Last year we highlighted the Review Journal report on those revelations, which detailed the remarkable scheme to pay rent, settle debts, and even pay the costs of relocation to prosecution witnesses, largely out of private, donated funds, without disclosing the payments to defense counsel. The fund was never approved by the County Commission, and in one 2008 instance, was used to relocate a witness five times in a single year, while a County spokesman maintained there was no witness relocation program.

In a follow-up report published this past weekend, the newspaper draws a damning portrait of DA Steve Wolfson’s office still failing to live up to its constitutional obligations, and defending its own apparent misconduct.

More than 50 years ago, the U.S. Supreme Court ruled prosecutors must hand over evidence in a case, especially if it could be favorable to the defense. But that doesn’t always happen in Las Vegas. In fact, Clark County prosecutors in some cases have hidden evidence about additional suspects, denied cutting deals with criminal informants and failed to hand over information about their witnesses’ criminal pasts.

That this paragraph could, regrettably, describe so many jurisdictions in the United States, from New Orleans to Orange County, CA to Pierce County, WA, and many others less reported on, makes it no less scandalous.

As long as a decade ago, according to the Review Journal, federal judge David Hagen found that the Clark County DA’s office lacked “an institutional procedure or policy by means of which it may ensure its ‘open file’ contains everything which it is required to disclose.”

Despite this, and the revelations about the witness payments, the paper quotes Franny Forsman, who ran the Federal Public Defender’s office in the county for 22 years as saying nothing has changed.

“Whether its negligence, gross negligence or intentional, whatever it is you’ve got a long history of failures in the system,” Forsman said. “Until judges intervene, it won’t stop. There’s too much of an incentive to just keep going the way you’ve been going because there is no downside.”

One of the more egregious examples detailed in the new report involves the case of Gregory Leonard, convicted of murder two decades ago. While the state admitted at trial to helping a witness, Jesus Cintron, in myriad ways, from getting his child support payments delayed, paying for rent and groceries, and getting his car released from impoundment, it failed to disclose a host of further assistance.

Every time Cintron would get arrested — charges ranged from destruction of property to attempting to lure girls into his car and even to lying to police — he would bring up that he was a key witness in a double murder, according to court filings. Then, the district attorney’s office would help him get out of jail, Anthony [the post-conviction public defender] found.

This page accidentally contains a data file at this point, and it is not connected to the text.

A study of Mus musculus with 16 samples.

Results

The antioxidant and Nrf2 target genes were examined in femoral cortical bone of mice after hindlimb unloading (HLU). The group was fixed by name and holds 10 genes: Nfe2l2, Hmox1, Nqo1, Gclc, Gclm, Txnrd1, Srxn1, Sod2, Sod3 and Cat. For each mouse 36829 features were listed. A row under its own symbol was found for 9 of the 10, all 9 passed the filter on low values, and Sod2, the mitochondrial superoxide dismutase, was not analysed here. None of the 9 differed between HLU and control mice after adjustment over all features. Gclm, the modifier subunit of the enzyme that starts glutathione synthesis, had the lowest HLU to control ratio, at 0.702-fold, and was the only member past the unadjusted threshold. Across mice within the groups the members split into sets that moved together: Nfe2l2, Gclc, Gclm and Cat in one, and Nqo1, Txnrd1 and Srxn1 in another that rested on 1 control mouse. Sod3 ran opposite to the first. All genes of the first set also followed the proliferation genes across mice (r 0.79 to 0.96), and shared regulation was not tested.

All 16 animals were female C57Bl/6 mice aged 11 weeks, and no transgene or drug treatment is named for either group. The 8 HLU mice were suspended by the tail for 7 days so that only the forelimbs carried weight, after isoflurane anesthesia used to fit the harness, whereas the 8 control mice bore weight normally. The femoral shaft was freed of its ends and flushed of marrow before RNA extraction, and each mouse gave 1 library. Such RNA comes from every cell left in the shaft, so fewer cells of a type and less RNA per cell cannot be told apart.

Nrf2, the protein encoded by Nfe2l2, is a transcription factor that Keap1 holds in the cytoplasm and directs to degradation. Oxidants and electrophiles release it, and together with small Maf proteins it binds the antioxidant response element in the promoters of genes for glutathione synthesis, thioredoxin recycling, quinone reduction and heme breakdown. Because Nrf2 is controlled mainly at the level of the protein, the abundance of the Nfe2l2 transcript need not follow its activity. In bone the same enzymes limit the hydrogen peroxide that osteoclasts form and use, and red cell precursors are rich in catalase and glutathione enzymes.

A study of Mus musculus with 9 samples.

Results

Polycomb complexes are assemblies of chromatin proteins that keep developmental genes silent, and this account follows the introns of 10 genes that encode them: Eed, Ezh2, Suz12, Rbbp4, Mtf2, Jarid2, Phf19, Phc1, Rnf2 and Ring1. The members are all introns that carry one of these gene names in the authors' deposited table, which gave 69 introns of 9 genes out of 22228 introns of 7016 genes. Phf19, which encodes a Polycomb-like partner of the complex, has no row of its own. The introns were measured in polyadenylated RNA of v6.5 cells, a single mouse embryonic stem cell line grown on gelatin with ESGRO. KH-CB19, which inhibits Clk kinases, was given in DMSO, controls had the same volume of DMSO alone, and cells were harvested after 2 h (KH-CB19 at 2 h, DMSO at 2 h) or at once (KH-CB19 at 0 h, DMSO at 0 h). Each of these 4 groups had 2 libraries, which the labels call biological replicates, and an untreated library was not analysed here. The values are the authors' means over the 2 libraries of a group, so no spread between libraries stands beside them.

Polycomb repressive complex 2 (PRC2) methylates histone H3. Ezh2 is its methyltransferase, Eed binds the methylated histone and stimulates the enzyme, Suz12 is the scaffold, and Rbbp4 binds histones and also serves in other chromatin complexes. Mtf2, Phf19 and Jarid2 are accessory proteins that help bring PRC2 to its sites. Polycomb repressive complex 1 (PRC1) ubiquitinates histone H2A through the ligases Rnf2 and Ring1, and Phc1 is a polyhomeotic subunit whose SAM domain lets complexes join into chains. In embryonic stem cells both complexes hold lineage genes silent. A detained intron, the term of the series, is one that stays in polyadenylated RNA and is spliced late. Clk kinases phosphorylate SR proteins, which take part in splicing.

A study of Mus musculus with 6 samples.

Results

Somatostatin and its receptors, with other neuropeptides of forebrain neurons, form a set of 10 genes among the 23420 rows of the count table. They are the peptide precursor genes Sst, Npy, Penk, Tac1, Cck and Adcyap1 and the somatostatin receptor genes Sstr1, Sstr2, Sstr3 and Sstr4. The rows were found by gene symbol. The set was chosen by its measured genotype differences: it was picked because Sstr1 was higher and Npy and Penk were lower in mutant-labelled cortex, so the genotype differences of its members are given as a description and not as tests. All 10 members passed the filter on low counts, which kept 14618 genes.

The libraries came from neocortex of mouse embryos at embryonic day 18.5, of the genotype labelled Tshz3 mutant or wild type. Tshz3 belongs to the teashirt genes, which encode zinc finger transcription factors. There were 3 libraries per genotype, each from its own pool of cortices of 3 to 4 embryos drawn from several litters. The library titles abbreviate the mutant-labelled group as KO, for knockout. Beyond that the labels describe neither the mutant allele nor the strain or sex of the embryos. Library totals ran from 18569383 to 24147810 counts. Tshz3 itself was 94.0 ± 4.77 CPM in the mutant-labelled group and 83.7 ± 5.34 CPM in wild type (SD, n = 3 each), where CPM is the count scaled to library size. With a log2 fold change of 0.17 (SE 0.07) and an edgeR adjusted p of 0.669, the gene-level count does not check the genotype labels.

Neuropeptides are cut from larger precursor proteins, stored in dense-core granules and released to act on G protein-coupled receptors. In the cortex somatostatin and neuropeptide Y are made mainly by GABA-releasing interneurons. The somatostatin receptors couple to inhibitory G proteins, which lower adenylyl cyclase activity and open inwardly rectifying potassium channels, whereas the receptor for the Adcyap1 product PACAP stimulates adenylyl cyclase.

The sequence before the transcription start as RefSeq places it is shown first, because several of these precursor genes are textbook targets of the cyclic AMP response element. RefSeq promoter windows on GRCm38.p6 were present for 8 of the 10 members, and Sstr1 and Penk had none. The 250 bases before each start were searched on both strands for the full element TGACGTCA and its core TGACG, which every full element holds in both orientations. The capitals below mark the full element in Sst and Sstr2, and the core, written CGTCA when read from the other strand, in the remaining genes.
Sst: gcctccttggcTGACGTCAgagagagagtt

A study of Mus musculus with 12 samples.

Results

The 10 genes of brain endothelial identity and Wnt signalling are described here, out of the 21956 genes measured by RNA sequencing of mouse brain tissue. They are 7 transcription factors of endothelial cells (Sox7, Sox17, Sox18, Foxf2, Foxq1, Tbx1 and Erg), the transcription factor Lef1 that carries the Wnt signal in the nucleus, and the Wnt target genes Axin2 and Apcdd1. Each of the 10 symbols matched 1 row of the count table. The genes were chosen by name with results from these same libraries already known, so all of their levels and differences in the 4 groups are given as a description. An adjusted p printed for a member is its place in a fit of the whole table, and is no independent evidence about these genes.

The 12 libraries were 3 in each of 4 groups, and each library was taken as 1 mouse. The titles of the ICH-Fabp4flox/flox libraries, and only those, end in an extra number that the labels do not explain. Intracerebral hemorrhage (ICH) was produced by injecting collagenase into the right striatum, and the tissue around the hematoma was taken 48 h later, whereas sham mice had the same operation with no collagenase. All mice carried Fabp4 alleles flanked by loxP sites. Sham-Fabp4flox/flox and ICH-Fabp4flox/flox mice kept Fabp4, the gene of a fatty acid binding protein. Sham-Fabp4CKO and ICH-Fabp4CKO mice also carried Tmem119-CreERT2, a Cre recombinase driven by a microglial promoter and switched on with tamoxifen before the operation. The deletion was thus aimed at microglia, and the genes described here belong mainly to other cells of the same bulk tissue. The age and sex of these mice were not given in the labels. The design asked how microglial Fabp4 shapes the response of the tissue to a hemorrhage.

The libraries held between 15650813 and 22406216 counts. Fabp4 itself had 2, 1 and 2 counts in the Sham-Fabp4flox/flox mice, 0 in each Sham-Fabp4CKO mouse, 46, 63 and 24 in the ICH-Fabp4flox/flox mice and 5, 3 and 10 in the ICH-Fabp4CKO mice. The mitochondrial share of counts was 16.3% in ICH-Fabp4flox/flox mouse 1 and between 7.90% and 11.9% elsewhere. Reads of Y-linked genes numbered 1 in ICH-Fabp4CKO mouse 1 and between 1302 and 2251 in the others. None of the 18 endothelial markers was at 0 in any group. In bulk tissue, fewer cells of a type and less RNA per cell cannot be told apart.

Anthony revealed the extent of the district attorney’s involvement with its witness by piecing together sticky notes and judge’s bench notes about “off-the-record” conversations with the prosecutor…

Leen [the prosecutor] — who is now a federal judge — elicited false testimony from Cintron about how much her office had helped him out, and that he’d complied with the judge’s obligations in his own cases, Anthony argued in federal court filings. She told a judge she’d given over all of the information, in detail, and the assistance was deemed to be minor.

Rather than reexamining its approach to questionable disclosure practices, the Review Journal reports, Scott Wolfson’s office has continued to argue on appeal in the Leonard Case, with an all-too-familiar illogic, that (a) Cintron didn’t receive special treatment; (b) the defense could have discovered this (non-existent) special treatment earlier; and (c) the disclosure of this (non-existent) special treatment wouldn’t have changed the jury verdict.

As to the broader issue of the witness payments, Wolfson maintains it is a “non-issue,” according to the paper, because it wasn’t secret. In another feat of circular reasoning, the evidence his office puts forward to back this claim is the Leonard case, and one other, in which public defenders forced the issue into the open.

Anthony likened it to saying, “We are relying on rumor and innuendo to spread itself.” Clark County public defender Phil Kohn, whose office is on the frontlines of the cases the DA prosecutes, agrees that can’t count as disclosure.

“I don’t know if we’ll ever find the full breadth of what they were doing. Not just the payments. When you have an out of control DA’s office how do you get the Department of Justice to grab all of their files?” Kohn said. “We don’t know how much they’ve given people — not just given them money — but how many times the DA’s said there’s no deal — but there was a wink and a nod.”

Wolfson, a Democrat, was appointed DA by the County Commissioners in 2012, but must win an election next year to earn a full term. He kicked off his campaign last month, and thus far has no opponents.